Members of our London Commercial Litigation team attended the 5th annual Legal Business Commercial Litigation Summit in London on 1 July. The conference is one of the top litigation conferences in the UK, uniting well over 100 senior practitioners and clients to discuss issues defining the modern disputes scene.

The event was hosted by Legal Business and took place at The Brewery in London.

Opening and closing remarks were provided by Fiona Gillett and Ian Gatt QC respectively. There were a number of talks throughout the day, during which industry experts shared their insights on various developments and issues reshaping the field of commercial litigation.


Fiona Gillett

Fiona Gillett providing the opening remarks for the conference


Julian Chamberlayne was part of a panel that discussed how data analytics are transforming disputes. Julian presented the tools available for the various stages of litigation and the importance the data collected plays in assessing cases. Grant McCaig of Phoenix Group highlighted that it is vital for those looking to take advantage of this increasingly important tool to understand the data, how it can be used and how reliable it is. It was agreed amongst the panellists that analytics can help with research aids and planning cases, however, it is not be viewed as a way to predict outcomes.

The highlight of the day was witnessing Clive Zietman, who says his hobby is litigation, lead a panel on practical strategies for avoiding litigation. The discussion mainly addressed mediation as an alternative to litigation. Andrew Miller QC of 2 Temple Gardens opened the discussion by stating that lawyers often lead clients down the litigation path when it isn’t necessarily their desire. Clients don’t always want lawyers to “fix it”, they want the status quo. According to Clive, optimism could be one of the reasons clients end up in litigation. They often enter into contracts and agreements hoping everything will go well and do not assess all potential risks.

Read more about from Clive in his introduction to the summit, which featured in The In-House Lawyer magazine here 


Clive Zietman

Clive Zietman speaking on a panel


Ian Gatt QC along with Matthew Hardwick QC of 3 Verulam Buildings and Simon Hart of RPC closed the event on the scrutiny surrounding the witness statements regime. Matthew highlighted some of the common problems with witness statements: they are too long and discursive, too argumentative and contain too much opinion evidence. Simon touched on the shift in judicial attitude where we see more appetite from judges to comment on this issue.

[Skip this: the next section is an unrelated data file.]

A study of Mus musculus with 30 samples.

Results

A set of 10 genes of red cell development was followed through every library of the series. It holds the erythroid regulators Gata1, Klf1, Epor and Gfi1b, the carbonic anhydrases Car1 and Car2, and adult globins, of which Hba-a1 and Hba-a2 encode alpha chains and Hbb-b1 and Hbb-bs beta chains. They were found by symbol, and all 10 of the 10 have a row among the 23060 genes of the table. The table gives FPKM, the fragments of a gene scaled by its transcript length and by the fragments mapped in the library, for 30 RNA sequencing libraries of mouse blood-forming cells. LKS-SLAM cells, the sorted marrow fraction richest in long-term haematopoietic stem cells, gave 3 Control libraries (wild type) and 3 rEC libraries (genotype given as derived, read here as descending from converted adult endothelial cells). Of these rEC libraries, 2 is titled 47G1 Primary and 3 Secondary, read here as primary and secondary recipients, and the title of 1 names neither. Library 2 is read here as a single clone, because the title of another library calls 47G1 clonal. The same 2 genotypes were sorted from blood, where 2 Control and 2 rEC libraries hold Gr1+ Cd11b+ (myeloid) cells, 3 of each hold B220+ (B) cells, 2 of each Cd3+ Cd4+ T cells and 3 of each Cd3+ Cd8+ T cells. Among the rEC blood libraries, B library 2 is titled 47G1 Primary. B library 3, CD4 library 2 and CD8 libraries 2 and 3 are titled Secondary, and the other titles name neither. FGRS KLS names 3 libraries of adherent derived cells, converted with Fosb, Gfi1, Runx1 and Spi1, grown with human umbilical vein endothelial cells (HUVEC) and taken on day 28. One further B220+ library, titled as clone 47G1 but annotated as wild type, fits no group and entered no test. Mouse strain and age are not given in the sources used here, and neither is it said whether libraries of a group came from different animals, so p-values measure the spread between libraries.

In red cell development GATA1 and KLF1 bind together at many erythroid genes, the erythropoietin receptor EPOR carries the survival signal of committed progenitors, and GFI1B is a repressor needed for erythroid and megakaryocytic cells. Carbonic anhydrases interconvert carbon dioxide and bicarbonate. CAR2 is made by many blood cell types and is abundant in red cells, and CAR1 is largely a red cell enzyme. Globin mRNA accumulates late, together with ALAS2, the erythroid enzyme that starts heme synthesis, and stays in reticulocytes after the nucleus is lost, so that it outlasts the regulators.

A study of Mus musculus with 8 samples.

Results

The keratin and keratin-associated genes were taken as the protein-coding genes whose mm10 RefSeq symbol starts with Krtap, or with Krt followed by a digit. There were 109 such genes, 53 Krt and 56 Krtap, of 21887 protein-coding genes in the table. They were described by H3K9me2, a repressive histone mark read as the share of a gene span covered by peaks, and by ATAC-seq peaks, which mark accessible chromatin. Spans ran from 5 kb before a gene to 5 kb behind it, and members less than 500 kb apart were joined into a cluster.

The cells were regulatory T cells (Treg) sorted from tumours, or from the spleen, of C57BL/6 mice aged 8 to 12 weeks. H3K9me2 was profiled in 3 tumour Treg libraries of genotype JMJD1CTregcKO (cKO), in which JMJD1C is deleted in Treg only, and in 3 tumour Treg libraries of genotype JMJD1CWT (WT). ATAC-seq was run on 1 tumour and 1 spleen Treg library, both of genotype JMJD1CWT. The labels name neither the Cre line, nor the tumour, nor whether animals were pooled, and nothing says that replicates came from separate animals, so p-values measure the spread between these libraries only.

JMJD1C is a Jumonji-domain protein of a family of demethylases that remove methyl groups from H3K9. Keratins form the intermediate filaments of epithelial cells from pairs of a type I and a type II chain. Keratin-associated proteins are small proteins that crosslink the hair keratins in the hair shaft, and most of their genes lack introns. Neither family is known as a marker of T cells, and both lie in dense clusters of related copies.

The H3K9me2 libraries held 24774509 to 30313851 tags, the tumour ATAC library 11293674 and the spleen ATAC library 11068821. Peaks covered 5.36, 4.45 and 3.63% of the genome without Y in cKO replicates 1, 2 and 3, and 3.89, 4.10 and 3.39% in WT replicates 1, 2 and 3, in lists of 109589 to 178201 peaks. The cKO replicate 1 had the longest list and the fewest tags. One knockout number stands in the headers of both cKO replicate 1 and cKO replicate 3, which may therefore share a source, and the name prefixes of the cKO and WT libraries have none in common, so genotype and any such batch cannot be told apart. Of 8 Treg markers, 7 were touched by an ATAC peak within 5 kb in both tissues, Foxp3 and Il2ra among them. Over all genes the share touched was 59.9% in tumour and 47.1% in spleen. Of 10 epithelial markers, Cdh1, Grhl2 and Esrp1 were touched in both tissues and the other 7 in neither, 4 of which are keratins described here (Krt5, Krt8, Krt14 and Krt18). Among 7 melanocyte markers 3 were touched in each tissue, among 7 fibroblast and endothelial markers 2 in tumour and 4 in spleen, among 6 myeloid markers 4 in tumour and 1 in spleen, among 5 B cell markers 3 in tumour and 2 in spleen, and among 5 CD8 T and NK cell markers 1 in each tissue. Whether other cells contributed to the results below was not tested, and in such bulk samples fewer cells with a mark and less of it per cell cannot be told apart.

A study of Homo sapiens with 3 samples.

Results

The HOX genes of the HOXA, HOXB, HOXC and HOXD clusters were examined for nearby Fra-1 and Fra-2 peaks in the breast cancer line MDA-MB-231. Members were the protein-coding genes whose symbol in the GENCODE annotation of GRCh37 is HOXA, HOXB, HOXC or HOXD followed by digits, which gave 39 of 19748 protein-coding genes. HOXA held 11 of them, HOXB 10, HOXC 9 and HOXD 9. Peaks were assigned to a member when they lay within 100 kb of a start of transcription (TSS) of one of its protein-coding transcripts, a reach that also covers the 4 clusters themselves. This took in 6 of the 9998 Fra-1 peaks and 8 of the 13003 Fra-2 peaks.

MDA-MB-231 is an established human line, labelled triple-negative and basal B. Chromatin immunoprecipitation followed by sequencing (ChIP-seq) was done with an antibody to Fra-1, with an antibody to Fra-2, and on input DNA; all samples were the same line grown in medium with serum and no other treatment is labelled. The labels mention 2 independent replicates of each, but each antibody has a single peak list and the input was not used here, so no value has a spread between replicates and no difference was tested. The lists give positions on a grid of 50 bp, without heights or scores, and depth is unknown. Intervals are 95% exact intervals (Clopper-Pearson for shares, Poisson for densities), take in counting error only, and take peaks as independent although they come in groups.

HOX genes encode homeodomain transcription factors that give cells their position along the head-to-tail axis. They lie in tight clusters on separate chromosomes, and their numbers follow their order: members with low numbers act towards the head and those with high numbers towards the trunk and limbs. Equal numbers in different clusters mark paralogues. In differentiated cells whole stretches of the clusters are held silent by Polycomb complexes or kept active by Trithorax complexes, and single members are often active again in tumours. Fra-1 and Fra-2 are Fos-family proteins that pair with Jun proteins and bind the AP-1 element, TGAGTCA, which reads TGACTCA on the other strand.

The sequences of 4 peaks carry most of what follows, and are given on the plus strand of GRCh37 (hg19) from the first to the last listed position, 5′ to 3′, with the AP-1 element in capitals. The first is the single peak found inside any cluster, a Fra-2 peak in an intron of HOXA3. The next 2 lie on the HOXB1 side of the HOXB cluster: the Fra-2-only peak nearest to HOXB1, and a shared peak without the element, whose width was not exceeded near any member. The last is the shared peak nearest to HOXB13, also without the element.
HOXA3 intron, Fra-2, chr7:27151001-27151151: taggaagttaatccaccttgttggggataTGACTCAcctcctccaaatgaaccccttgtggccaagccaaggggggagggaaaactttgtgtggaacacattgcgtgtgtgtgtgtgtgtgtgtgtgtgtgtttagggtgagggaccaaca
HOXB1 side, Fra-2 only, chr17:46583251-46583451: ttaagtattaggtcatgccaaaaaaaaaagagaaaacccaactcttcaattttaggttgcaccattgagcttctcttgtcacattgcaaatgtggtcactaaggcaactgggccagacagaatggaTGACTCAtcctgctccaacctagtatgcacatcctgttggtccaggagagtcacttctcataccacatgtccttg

Ian Gatt QC

Ian Gatt QC providing the closing remarks


One of the reasons for this is the positive reception judicial criticism of witness statements has received from the lawyers drafting them. While agreeing with his fellow panellists, Ian Gatt QC suggested ways practitioners can keep the length of witness statements down. These included avoiding the repetition of background facts and making more use of the list of issues and facts on court forms. Maybe a solution to this problem might be the revamping of pre-trial review checklists or applying a limiting exercise similar to that of disclosure to witness statements.

Other panel topics on the day included:

  • Courts across borders – an active dialog
  • Global investigations – the transatlantic relationship
  • Shots across the bows – preliminary skirmishes sweep London’s courts
  • Reputation management – winning over the sceptics
  • In or out? – the battle to push opt-out claims into the mainstream, and
  • Traps for the unwary – legal and pitfalls in cross-border litigation.

The conference was an excellent opportunity for Stewarts’ lawyers who presented to share their insight on the latest developments in commercial litigation and for the attendees to remain abreast of the issues facing clients in this field.

This article was written by Senior Paralegal, Nathalie Moussinga



You can find further information regarding our expertise, experience and team on our Commercial Litigation pages.